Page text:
Federal officials alleged that the company charged customers millions of dollars for third-party subscriptions or services such as horoscopes, love tips and celebrity gossip that they never ordered or authorized.
In 2015, the Iowa Department of Transportation will allow residents to use a mobile-based digital driver's license as an official driver's license. Rather than using a physical identification card, Iowa law enforcement plan to accept a smartphone app during traffic stops.
The Consumer Financial Protection Bureau filed a lawsuit against Sprint for allegedly illegally billing its wireless customers tens of millions of dollars through third-party charges, says a Dec. 17 CFPB statement. The CFPB alleges that Sprint allowed third parties to put unauthorized charges on the accounts of mobile phone users.
Oregon Sen. Ron Wyden (D-Ore.) recently introduced legislation that would prohibit any federal requirement to build backdoors or security vulnerabilities into American software and hardware products. The bill addresses U.S. government's secret phone and Internet surveillance efforts.
Federal communications regulators are seeking public comment on recommendations from a new report to help reduce smartphone thefts, which is conservatively estimated at about 1 million annually and growing.
The First Responder Network Authority, the board tasked with overseeing the development of a nationwide, wireless broadband public safety network, didn't properly disclose financial reports, monitor conflicts of interest or transparently award contracts, reveals a long-awaited report from an internal watchdog.
Federal regulators this week issued a warning against the use of cellphone jammers – even by state and local law enforcement agencies – that block or interfere with communications, especially emergency calls.
People in emerging markets like Brazil and India are more likely to use mobile Internet services for personal advancement, self improvement and educational purposes than those in more developed nations, accoding to a new global survey released by Juniper Networks Dec. 10.
Google will start contacting customers, whose children made unauthorized in-app purchases on Android devices, about potential refunds after federal regulators last week approved a final order regarding unfair billing practices.
Personal identity verification at the Defense Department could become more compatible with mobile devices, since the department approved Nov. 24 the first vendor to provide security credentials for Android, Apple and Microsoft mobile devices.
The First Responder Network Authority, which is responsible for standing up a nationwide, wireless broadband public safety network, announced Nov. 28 two ways it's furthering outreach to its vendor community.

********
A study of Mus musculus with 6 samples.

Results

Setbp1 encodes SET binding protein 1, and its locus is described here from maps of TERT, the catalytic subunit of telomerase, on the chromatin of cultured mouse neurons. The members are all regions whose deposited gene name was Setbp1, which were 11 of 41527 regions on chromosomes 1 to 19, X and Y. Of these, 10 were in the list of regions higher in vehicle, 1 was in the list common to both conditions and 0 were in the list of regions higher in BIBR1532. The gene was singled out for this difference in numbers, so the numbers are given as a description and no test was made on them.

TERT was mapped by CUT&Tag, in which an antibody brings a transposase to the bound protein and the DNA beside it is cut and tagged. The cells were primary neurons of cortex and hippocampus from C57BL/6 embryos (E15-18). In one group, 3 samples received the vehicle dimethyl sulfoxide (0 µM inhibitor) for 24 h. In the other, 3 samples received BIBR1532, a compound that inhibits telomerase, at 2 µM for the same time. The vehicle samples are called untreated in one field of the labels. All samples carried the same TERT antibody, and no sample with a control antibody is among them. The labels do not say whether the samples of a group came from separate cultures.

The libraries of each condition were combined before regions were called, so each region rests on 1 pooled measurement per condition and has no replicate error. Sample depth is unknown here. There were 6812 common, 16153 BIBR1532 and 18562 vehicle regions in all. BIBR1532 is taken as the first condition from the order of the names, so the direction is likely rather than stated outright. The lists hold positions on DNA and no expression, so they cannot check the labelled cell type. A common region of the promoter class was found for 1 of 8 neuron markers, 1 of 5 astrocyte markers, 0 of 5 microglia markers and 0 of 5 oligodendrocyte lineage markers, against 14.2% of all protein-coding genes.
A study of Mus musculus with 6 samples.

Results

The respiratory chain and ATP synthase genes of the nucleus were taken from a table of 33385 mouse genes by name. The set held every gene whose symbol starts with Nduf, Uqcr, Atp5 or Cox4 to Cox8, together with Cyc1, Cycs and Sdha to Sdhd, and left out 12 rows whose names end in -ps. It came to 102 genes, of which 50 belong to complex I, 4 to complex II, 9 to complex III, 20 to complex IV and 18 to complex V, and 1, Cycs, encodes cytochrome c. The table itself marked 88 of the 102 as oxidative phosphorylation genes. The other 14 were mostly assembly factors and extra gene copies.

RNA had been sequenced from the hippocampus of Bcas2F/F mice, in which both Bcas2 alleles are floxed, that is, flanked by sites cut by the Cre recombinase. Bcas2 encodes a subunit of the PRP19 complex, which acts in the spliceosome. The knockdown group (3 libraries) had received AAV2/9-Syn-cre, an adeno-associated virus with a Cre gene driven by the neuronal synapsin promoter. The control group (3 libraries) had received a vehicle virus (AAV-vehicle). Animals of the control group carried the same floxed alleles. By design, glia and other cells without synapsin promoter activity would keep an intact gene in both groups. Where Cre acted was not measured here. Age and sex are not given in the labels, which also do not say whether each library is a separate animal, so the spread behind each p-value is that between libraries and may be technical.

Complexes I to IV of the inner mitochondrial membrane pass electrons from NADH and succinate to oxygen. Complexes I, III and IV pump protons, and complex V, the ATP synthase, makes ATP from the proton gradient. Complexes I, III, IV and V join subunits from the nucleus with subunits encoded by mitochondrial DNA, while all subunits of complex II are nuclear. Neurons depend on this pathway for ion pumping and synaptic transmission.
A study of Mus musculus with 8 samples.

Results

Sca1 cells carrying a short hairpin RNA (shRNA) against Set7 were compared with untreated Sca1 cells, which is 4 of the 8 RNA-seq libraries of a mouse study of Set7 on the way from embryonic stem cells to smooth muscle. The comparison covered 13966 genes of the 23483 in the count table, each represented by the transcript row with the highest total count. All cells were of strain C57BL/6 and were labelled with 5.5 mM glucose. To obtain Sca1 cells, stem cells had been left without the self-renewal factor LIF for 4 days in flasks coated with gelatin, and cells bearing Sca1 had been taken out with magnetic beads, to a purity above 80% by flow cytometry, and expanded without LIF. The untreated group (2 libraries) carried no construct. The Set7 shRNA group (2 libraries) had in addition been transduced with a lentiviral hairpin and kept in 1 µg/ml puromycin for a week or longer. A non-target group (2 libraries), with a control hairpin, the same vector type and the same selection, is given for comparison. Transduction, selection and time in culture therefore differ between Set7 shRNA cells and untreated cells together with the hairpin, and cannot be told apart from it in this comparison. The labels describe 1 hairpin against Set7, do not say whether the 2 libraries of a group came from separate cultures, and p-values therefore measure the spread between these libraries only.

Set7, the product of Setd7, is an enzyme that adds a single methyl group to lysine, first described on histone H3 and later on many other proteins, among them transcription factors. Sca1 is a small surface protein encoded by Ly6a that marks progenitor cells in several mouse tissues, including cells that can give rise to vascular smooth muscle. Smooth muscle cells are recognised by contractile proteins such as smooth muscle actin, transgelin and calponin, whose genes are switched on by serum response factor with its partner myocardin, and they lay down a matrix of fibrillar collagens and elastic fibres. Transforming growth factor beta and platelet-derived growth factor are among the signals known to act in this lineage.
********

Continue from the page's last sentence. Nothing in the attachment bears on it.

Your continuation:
Agencies planning their strategy for citizen-facing mobile services should note that the battle for screen time is swinging in favor of tablets and smartphones. The time Americans spend on mobile devices is climbing while the time they spend at the television has plateaued, finds recent analysis from mobile marketing company Flurry Analytics, based on ComScore and Bureau of Labor Statistics data.
The American Civil Liberties Union recently filed an amicus brief, supporting a Baltimore man – allegedly involved in a murder-for-hire plot – who said the use of a cell-phone tracker to trace and locate his whereabouts is illegal.
Wireless provider Cricket Communications has agreed to pay a nearly $2.2 million fine after the Justice Department alleged that the wireless carrier overcharged federal law enforcement agencies for wiretaps. DOJ announced the fine Dec. 1.
On the heels of action by Google and Apple, yet another mobile messaging technology is expanding its use of encryption to protect user information – a move that has drawn criticism from law enforcement agencies. The Facebook-owned mobile messaging platform WhatsApp is working with Open Whisper Systems to provide end-to-end encryption, according to a blog post.
The Federal Communications Commission is seeking comment on a proposed roadmap that would use available WiFi and Bluetooth technology to help locate emergency 911 callers inside buildings, according to a public notice posted by regulators Nov. 20.
Federal regulators recently announced a deal with T-Mobile that would provide customers with more accurate information about their mobile broadband speeds, especially those whose speeds have been reduced after reaching the monthly data cap. The Federal Communications Commission said Nov. 24 that T-Mobile will fully implement the agreement within 60 days.
Mobile app developers need to consider equal treatment of users' privacy needs as much as privacy itself, according to a recent blog post from the Center for Democracy and Technology.
The U.S. Marshals Service is using devices that mimic cellphone towers on airplanes to gather information from thousands of mobile phones on the ground, reports the Wall Street Journal in a Nov. 13 expose based on interviews with anonymous sources with close knowledge of the program.